Thursday, February 02, 2006

Dropping Out to Serve Their Country

Not everyone graduates from high school on time. Occasionally, they graduate early. Future Nobel Prize-winner John Bardeen was only 15 when he graduated from Madison Central High School.

Others graduate late, perhaps because they dropped out and returned later to complete their required courses. As I’ve read yearbooks from 1900 to 1969, one group of "dropouts" emerges that’s very different from the stereotype of the incorrigible kid that’s too often promulgated by people who don’t stop to take a closer look at individual situations before lumping people into groups.

Over the years, many men have dropped out of Madison Central High School to serve their country during times of war. Most enlisted in the military. Perhaps there have also been women who’ve dropped out for this same reason, but my research hasn’t uncovered any yet.

Posted on the Madison Central High School History blog are copies of two pages from the 1946 school yearbook (called The Mirror that year). Titled "Seniors in Service," this section of the yearbook features information about "twenty-two" (I count 24) boys who had dropped out of school to enter military service before the end of World War II, "most of whom went through two or more years of senior high school with us."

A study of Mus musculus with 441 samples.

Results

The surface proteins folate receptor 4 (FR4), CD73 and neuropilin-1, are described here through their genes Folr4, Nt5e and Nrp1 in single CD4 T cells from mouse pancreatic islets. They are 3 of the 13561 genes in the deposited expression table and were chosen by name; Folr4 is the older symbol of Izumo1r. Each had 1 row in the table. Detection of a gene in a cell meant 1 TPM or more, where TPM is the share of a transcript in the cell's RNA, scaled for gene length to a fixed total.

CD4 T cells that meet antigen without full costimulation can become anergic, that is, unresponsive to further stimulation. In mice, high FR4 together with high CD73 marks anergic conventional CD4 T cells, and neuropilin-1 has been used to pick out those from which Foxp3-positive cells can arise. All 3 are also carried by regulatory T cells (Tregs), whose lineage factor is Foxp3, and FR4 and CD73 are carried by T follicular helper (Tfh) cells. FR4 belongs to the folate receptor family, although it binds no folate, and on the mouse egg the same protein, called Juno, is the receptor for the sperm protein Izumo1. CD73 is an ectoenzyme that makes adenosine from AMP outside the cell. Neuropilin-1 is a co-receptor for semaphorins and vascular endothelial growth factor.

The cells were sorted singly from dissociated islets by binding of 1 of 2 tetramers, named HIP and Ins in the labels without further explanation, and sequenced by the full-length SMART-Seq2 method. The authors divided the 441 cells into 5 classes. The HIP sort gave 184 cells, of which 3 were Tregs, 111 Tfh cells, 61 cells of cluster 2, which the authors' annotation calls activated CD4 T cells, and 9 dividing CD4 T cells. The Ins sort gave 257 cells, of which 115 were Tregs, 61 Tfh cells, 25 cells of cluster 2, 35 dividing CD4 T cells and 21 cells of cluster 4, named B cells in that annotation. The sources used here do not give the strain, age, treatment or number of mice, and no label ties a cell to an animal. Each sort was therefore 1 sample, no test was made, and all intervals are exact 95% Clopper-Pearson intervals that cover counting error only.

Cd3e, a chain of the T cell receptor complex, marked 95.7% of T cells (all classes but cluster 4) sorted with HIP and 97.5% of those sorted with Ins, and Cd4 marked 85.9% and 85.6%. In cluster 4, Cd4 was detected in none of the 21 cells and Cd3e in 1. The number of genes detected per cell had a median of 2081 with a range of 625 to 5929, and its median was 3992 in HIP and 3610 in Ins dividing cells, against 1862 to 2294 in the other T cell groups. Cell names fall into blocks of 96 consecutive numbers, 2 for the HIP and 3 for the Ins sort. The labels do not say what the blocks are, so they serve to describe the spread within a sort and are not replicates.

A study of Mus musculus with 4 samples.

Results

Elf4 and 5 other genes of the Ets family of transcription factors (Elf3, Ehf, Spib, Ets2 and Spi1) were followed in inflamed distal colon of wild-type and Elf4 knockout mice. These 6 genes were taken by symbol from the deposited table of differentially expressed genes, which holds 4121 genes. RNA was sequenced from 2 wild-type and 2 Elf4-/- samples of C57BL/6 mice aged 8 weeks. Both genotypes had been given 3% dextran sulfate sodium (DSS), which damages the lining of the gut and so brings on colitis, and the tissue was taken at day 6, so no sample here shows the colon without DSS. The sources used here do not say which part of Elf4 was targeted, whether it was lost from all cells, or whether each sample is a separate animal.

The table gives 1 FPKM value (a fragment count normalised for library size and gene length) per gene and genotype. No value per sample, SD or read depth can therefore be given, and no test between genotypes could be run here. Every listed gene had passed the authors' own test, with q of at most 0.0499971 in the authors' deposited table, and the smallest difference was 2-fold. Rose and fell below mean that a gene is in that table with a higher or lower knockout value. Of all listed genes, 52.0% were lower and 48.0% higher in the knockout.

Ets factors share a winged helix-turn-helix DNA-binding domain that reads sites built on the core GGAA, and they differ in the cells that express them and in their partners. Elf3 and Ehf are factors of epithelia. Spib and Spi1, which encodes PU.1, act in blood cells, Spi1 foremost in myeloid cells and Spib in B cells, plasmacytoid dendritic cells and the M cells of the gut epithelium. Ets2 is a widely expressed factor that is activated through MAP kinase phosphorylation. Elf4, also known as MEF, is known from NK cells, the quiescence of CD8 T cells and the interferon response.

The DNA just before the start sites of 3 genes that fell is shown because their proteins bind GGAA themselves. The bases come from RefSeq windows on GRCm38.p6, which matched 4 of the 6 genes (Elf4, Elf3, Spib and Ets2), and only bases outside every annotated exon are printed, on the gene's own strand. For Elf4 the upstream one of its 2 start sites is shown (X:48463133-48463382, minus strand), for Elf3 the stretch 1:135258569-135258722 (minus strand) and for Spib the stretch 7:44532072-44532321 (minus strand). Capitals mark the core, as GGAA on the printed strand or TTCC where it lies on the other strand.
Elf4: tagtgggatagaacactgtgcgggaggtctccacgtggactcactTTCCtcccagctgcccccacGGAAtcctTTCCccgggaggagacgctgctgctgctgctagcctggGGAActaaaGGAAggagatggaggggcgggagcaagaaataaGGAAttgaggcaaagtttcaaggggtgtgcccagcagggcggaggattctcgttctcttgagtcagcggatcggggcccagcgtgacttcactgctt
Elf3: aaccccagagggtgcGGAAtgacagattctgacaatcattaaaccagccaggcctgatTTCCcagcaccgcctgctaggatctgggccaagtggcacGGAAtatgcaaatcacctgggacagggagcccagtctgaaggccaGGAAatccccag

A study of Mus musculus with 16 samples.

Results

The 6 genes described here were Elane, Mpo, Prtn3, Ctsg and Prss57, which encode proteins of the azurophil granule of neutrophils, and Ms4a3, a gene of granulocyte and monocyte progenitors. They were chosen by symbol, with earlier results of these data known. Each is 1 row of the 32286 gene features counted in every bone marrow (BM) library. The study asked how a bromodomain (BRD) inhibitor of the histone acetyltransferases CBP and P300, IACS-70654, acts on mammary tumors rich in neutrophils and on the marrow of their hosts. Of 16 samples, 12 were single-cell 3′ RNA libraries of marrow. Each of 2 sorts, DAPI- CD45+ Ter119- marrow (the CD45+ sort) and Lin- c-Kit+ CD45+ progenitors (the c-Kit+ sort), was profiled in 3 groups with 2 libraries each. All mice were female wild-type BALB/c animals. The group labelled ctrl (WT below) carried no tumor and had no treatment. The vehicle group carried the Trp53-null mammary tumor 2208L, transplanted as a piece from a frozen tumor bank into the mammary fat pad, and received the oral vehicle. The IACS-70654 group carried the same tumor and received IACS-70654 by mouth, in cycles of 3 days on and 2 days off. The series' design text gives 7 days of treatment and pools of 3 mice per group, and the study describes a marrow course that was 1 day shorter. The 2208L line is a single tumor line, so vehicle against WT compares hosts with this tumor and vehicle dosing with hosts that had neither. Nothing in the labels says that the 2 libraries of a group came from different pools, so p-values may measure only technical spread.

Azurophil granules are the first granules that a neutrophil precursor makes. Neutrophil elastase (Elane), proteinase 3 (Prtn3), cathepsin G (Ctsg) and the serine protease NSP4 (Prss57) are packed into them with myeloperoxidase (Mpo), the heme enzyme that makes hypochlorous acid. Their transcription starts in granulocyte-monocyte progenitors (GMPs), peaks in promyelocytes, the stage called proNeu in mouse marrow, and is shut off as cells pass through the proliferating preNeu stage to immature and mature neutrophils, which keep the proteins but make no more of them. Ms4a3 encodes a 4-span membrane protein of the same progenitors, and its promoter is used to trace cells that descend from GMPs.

Some men who drop out to join the military do come back and finish their high school degree. Others chose not to do so. I’ve seen at least one reference to a student who dropped out to join the military later receiving an honorary degree. Others never return home.

Today I found an obituary for a man who appears to have dropped out of Madison Central High School to fight in another war: The Vietnam War. Bruce C. Fibikar is on the official list of Class of 1965 graduates, but he was probably supposed to graduate in 1963. I haven’t been able to find a photo of him in any yearbook, but I did find him listed in the "Seniors Not Pictured" section of the 1963 Tychoberahn. His obituary, which is posted on the right, doesn’t tell us very much about this man. If you’re reading this and you knew Bruce, please share some memories. Leave a comment or send an email.

1 comment:

D Strand said...

GREAT POST, Nadine. I learned a lot on this one. It makes me proud to be an American and proud to be a Centralite!